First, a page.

When Planning Your Estate, Don’t Let the Perfect Be the Enemy of the Good
There are many unknowns when planning an estate, but you can’t let the uncertainties get in the way of creating any kind of plan. Having an imperfect plan is usually better than having no plan at all.
Posted on July 24, 2020
When planning an estate you want to be able to consider all the angles, but there are inevitably a number of “known unknowns” that can make planning difficult. These include:
- How long you will live
- How much money you will have left over, which can depend on longevity and potential need for care
- Your children's health
- Your children's financial stability, now and perhaps many decades into the future
There are also value judgments to make. Should you treat all children equally, or should their financial situations be taken into account? In any family, some siblings can be wildly successful financially, while others struggle. Some children may have supported you in your old age and others totally ignored you. (A word to the wise: Unless you have had a discussion with your children, treat them equally in your estate plan. You can provide differential support during your life, but unequal distributions at death can create great difficulties if they come as a surprise.) Should you create trusts that protect assets for your children and grandchildren, or simply provide that the funds be distributed outright at your death for them to use as they choose? Whom should you appoint in various roles—as agent under powers of attorney, as health care proxies, as trustees, as personal representatives?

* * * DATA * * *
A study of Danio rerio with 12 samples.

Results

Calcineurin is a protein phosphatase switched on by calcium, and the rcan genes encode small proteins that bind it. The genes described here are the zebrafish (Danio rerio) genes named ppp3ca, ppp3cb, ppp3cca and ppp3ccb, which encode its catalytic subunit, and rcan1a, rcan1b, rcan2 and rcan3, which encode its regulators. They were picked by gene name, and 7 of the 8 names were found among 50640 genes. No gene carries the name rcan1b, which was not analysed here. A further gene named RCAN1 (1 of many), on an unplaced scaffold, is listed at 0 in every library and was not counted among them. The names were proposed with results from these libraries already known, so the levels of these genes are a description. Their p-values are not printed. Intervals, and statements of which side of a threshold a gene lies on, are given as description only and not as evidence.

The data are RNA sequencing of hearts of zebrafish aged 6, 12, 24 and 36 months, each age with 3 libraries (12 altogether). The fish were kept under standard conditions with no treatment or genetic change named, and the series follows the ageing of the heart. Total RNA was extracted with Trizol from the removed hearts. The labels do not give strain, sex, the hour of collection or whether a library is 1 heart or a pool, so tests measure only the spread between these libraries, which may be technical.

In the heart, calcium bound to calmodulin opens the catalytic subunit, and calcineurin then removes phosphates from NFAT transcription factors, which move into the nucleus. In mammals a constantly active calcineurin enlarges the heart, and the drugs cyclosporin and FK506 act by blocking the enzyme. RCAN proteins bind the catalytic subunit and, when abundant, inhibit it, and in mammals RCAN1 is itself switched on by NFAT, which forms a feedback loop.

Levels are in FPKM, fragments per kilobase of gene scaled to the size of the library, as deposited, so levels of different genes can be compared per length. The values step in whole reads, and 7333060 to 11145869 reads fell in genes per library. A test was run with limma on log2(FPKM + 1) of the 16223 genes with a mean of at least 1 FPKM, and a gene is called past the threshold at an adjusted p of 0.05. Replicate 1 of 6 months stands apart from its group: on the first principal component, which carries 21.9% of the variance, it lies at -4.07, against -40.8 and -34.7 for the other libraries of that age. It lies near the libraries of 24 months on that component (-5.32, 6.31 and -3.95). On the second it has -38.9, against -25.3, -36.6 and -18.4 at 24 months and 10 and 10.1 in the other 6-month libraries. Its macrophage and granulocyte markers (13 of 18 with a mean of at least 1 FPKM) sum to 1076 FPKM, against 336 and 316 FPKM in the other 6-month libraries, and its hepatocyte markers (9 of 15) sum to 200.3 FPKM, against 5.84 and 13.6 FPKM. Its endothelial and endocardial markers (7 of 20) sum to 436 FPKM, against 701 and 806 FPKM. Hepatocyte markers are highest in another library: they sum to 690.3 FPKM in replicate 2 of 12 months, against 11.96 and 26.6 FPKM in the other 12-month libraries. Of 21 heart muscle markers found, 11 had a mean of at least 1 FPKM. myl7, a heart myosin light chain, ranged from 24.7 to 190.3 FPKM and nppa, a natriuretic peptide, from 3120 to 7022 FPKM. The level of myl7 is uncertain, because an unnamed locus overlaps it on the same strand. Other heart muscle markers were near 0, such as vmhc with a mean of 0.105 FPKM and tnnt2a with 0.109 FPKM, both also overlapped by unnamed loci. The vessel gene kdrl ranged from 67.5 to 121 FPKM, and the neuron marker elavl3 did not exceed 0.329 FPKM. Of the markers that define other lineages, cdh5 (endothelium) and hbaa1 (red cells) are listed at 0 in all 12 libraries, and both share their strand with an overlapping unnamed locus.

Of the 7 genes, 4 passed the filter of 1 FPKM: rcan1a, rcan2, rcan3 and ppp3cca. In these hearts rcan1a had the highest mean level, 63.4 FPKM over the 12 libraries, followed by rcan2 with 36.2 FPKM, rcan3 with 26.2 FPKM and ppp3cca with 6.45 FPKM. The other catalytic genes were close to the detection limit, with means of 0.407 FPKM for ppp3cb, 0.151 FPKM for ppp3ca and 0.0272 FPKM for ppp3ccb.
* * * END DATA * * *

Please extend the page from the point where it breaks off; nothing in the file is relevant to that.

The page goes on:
Not having definitive answers to these questions can make it difficult to finalize a plan. However, before you get overwhelmed and give up on estate planning altogether, you need to consider the following:
- Any plan is much better than no plan
- We can't totally predict the future, but just have to do the best we can based on what we know today
- No plan is irrevocable; you can make changes as circumstances change or if you rethink what you want to do
- After age 60 or so, it's important to review your plan every five years in any case, since circumstances and laws change
The best way to approach estate planning is to think through all the questions and then create the best plan based on current circumstances. Your attorney can help you talk through all the options.
For more information about estate planning, click here.